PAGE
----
How to Use the Creative Power of Minecraft


A virtual lecture and post-mortem by Tobias Naterrer (DDB Berlin) and James Delaney (Blockworks UK)

October 29, 2021

299 in stock

Safeguarding Journalism through Gaming

Since its launch in 2011, Minecraft has stood out from other open-world builders. The use of simple cubes as building blocks, similar to a set of LEGO bricks, means that you are only limited by what your imagination can build. Creatives have built whole towns and countries, recreated lost palaces from old schematics, built a functional Disneyland, and even made a walkable version of the Earth. It is an endlessly customizable world.

The Uncensored Library team recognized the potential and ran with it. They saw a space where they could build a library as a monument to house in 9 sections the writings of journalists whose works were banned in their home countries. In Minecraft, these works will live for as long as the servers do. Tobias Natterer (DDB Berlin) will lead a 45-minute lecture, followed by a post-mortem technical breakdown of the project and how Minecraft can be used beyond its original purposes by James Delaney (Blockworks UK). Afterward, there will be a15-minute Q&A, on The Uncensored Library, where it came from, and how it came to life with help from Reporters Without Borders. They will also discuss how to approach Minecraft and its community to create active and unique projects like The Uncensored Library.

This is part of Killscreen’s Method and Theory programming (see below)

About Your Speakers

Tobias is a German senior copywriter located in Berlin and is currently employed at DDB Germany. Although he studied communication design, he quickly discovered his love for ideation and concepting and kept searching for better ideas. So he did the “BBDO Masterclass” traineeship. 18 month, 4 different cities and one challenge: becoming a copywriter. Since then, Tobias has been working for some renowned agencies and clients, including Audi, Volkswagen and Reporters Without Borders. The search for bigger and better ideas has become somewhat of a passion and his work is being recognized and awarded by multiple international creativity festivals such as the Cannes Lions and the D&AD.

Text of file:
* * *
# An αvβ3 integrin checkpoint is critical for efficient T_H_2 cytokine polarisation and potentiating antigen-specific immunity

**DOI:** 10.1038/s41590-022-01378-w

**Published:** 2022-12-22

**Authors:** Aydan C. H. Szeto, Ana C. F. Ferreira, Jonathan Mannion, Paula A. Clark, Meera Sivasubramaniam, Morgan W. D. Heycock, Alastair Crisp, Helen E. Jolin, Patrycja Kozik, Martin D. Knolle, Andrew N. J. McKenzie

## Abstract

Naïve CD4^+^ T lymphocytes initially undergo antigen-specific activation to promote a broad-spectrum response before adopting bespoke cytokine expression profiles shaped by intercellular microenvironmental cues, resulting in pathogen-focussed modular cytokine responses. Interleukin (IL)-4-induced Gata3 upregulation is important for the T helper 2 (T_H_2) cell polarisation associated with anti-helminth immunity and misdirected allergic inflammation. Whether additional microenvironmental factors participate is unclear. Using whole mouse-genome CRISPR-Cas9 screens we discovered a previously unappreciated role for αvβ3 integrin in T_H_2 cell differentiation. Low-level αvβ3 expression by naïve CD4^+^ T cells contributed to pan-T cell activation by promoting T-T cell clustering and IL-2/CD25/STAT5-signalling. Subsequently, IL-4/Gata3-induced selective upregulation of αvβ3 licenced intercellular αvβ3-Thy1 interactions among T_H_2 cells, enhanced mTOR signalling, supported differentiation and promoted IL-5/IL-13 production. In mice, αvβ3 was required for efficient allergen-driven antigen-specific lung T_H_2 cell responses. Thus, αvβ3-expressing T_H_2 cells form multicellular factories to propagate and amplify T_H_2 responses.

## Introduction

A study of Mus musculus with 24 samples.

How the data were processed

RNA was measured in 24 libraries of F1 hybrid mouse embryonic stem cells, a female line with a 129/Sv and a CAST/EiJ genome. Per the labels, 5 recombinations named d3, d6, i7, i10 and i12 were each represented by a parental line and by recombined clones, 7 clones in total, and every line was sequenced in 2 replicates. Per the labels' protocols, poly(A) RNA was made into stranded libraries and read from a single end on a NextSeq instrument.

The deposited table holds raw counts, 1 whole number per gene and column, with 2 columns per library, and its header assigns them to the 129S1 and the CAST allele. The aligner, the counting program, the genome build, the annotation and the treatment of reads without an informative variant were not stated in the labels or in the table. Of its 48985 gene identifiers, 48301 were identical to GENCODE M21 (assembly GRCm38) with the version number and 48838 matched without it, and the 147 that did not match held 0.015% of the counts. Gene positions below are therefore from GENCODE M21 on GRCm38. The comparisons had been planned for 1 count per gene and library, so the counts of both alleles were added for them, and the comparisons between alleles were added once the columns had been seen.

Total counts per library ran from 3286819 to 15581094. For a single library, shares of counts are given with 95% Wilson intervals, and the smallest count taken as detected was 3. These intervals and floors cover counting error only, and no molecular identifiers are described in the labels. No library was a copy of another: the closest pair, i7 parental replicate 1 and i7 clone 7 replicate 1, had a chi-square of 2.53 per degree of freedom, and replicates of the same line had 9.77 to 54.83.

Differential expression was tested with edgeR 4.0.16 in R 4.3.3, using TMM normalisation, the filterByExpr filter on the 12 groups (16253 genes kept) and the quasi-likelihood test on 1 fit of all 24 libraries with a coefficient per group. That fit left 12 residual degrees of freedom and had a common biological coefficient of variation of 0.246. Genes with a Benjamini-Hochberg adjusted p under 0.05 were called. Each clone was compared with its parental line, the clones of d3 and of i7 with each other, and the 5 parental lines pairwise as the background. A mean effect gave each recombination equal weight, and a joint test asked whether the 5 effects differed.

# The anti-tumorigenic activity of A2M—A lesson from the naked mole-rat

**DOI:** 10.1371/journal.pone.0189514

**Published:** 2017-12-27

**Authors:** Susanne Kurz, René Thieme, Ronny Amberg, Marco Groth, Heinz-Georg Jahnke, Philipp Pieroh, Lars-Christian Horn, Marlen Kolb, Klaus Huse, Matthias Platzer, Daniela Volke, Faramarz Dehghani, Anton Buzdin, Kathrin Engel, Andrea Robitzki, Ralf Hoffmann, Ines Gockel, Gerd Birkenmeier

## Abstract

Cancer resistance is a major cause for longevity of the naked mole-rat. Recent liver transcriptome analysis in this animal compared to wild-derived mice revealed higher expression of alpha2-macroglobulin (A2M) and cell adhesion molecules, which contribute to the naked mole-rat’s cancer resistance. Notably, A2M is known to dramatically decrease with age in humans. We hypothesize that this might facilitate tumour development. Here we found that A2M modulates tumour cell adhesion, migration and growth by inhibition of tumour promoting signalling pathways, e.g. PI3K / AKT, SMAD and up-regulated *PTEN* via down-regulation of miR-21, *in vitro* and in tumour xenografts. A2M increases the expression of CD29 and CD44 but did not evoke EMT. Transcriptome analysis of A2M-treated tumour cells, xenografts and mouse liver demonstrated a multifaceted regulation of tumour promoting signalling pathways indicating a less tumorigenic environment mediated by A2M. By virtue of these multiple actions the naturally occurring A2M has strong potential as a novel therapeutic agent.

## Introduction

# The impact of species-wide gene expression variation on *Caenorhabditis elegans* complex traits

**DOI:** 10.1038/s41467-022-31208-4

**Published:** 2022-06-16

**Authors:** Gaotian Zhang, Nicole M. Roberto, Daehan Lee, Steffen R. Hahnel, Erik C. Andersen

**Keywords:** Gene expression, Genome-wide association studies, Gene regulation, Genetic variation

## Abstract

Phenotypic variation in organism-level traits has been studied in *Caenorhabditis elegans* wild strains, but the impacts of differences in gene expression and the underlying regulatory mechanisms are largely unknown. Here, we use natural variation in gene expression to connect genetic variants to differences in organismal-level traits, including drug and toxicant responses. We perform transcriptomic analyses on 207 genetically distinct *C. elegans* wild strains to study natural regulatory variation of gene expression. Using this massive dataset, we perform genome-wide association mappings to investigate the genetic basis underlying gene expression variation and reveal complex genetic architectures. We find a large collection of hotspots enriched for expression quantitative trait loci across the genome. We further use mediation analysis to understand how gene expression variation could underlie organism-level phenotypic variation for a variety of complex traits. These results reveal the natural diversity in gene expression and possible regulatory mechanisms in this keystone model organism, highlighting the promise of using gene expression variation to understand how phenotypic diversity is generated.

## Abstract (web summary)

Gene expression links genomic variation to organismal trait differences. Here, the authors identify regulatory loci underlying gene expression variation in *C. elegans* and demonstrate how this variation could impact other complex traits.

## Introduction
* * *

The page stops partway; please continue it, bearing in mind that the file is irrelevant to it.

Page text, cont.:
James is the founder and Managing Director of BlockWorks, a collective of designers, artists, and developers from around the world with a shared passion for Minecraft. BlockWorks has grown from an informal group to a global design studio that has pioneered the use of Minecraft as a design tool with film studios, marketing firms, and educational institutions. In 2016, James published Beautiful Minecraft, a compendium of stunning artworks built in the game by the BlockWorks team.

James is also the Chairman of the Block by Block Foundation, a non-profit partnership between UNHabitat, Mojang and Microsoft which uses Minecraft as a community participation tool in urban design, engaging and enabling young people in developing countries to participate in the urban planning process.

James graduated with a degree in Architecture from Cambridge University and pursues a particular interest in the correlation between architecture and video games. He is an elected fellow of the Royal Society of Arts, and has given talks at the International Spatial Development Forum, The Bartlett School of Architecture, and the British Library, among others.


What to Expect

Killscreen divides its events into two categories Theory and Method. Theory courses are lectures, talks, and other one-to-many events. Method events are workshops, immersive, and other smaller hands-on programming.

Once you’re registered you can access this experience through your confirmation email or Eventbrite account. Killscreen online experiences are recommended for attendees age 13+.

This online experience will be recorded. The recording and transcript will be available at about a week after the event. An account will be created for you to access it.

Killscreen is an arts and culture organization committed to advancing the dialogue and practice of games and play. Founded in 2010, we seek to drive the intersection of games, play, and culture through cross-disciplinary collaboration to show the world why play matters. We want to break down the barriers that have traditionally segregated play and games from other creative disciplines and highlight creators with ambassadorial relationships to the world around us.

We encourage you to follow and share the hashtag #KSonline for more incredible online experiences. And check out other material on, including honest and thought-provoking interviews with some of the best creators at the intersection of play and culture.